A spacious office park in a Boston suburb is the last place you would expect to find a palace guard. But when William, Prince of Wales, and Catherine, Princess of Wales, visited Greentown Labs in Somerville Thursday, they met eight-year-old Henry Dynov-Teixeira, who was wearing a costume that would have looked right at home at Buckingham Palace’s Changing of the Guard ceremony. After taking in a Celtics game and turning City Hall green, William and Kate’s second day in Boston was a low-key affair, but they were still met by crowds of royal fans—and a few screams of “We Love You, William!”
The centerpiece of the day was a trip to East Boston with Wu to explore Piers Park and learn more about the climate resilience solutions being developed to protect Boston Harbor. They were also joined by Reverend Mariama White-Hammond, the City of Boston’s Chief of Environment, Energy, and Open Space. It was also a reunion for William and one 2021 Earthshot Prize finalist. Living Seawalls, an Australian project that installs panels that mimic natural marine habitats to promote biodiversity, is joining with the Boston-based Stone Living Lab to build sea walls at two sites in the harbor. William and Kate heard about the project and also spoke to environmental justice activists about strategies to protect the low-lying, multiracial neighborhood from rising sea levels.
At Greentown Labs, which is North America’s largest climate start-up incubator, William and Kate met with entrepreneurs developing technology addressing various aspects of climate change. As William entered the building, he joked, “Anything interesting?” They spoke to Megan O’Connor, CEO of Nth Cycle, a company working to decarbonize the mineral supply chain, and Yet-Ming Chaing, the founder of Sublime Systems, which is developing low-carbon cement. They also reunited with Sam Teicher of Coral Vita, one of the winners of the 2021 Earthshot Prizes. The couple last saw Teicher in March on a tour of the Caribbean for the late queen’s Platinum Jubilee, where they planted coral at the organization’s site in the Bahamas.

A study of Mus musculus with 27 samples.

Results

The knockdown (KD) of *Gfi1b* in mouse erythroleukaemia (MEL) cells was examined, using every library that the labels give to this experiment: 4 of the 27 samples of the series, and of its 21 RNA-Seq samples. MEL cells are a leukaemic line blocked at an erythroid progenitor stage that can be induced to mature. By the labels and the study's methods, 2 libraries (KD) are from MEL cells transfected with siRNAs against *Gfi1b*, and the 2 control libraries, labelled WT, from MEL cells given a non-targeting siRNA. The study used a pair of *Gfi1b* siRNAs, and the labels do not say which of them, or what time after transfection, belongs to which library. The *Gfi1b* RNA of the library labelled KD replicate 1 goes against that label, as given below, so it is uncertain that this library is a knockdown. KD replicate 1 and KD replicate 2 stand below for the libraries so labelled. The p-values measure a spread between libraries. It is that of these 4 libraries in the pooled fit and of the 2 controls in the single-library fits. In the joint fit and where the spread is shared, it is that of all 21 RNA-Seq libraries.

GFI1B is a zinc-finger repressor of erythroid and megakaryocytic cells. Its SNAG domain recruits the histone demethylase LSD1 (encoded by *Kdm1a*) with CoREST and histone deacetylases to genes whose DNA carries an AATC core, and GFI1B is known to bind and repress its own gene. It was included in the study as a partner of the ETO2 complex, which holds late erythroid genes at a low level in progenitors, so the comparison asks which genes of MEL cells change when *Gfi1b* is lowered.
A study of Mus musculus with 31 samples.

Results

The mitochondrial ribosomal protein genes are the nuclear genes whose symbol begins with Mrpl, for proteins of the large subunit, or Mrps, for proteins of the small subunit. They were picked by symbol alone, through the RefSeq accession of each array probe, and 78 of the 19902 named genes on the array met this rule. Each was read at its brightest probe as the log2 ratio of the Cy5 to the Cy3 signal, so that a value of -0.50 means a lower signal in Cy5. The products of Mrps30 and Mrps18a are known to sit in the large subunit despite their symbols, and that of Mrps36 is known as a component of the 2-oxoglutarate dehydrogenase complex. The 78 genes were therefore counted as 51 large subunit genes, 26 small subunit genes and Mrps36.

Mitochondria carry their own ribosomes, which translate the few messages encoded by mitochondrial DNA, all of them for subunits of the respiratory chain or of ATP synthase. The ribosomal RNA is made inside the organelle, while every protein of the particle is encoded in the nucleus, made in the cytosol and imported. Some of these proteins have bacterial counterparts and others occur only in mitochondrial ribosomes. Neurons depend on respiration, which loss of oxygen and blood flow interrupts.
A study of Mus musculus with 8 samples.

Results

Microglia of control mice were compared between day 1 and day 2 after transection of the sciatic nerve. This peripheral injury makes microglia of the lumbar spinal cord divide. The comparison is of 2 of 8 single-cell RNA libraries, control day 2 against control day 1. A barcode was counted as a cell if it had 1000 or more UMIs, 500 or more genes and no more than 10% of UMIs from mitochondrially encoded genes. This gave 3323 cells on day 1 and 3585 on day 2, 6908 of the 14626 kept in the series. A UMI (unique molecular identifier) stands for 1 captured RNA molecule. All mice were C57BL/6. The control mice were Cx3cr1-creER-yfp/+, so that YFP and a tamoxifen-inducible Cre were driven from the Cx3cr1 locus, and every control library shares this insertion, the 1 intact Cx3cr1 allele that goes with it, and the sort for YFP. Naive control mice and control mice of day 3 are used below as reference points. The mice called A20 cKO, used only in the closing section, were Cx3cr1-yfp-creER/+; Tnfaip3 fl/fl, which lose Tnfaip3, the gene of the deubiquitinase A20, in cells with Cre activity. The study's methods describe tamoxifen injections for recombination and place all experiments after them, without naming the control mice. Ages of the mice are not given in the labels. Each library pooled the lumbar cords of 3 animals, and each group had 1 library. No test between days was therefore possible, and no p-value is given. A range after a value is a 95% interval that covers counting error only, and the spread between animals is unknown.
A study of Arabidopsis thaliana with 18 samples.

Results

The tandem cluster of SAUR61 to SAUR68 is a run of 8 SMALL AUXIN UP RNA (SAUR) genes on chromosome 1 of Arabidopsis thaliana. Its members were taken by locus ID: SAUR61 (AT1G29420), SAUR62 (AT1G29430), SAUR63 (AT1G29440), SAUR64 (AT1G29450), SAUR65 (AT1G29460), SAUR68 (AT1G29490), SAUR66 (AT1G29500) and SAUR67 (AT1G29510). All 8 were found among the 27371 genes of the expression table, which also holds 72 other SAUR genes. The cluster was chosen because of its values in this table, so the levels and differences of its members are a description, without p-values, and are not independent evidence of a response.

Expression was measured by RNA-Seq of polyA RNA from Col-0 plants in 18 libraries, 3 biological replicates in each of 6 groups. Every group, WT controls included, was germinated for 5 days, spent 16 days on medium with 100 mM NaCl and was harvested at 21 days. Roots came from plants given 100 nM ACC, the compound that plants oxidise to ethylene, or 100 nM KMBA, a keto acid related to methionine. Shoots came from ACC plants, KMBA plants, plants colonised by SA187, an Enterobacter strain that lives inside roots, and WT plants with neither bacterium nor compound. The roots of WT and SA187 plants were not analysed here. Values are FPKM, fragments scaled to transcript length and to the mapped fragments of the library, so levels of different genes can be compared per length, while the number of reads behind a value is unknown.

On Thursday, Will checked in about how that coral is faring. Kate expressed some concern. “Even the ones I put in?” she asked with a laugh. “There’s definitely a technique to that.” Teicher confirmed that the corals are still thriving.
Later, they visited Roca Inc., a project to engage individuals between 16 and 24 who are at high-risk to be involved in violence, in Chelsea. The organization also works with police officers, and William and Kate listened to a presentation from Chelsea Police Captain Dave Batchelor about his training program’s roots in neuroscience. After Batchelor explained how they use the tools of Cognitive Behavior Therapy during their outreach efforts, Kate discussed how useful the skills can be. “These are tools that all of us need,” she said. “Not only at work, but also [in] their private lives probably, too.” At the end of the event, William and Kate went on a brief walkabout in the neighborhood around Roca’s headquarters.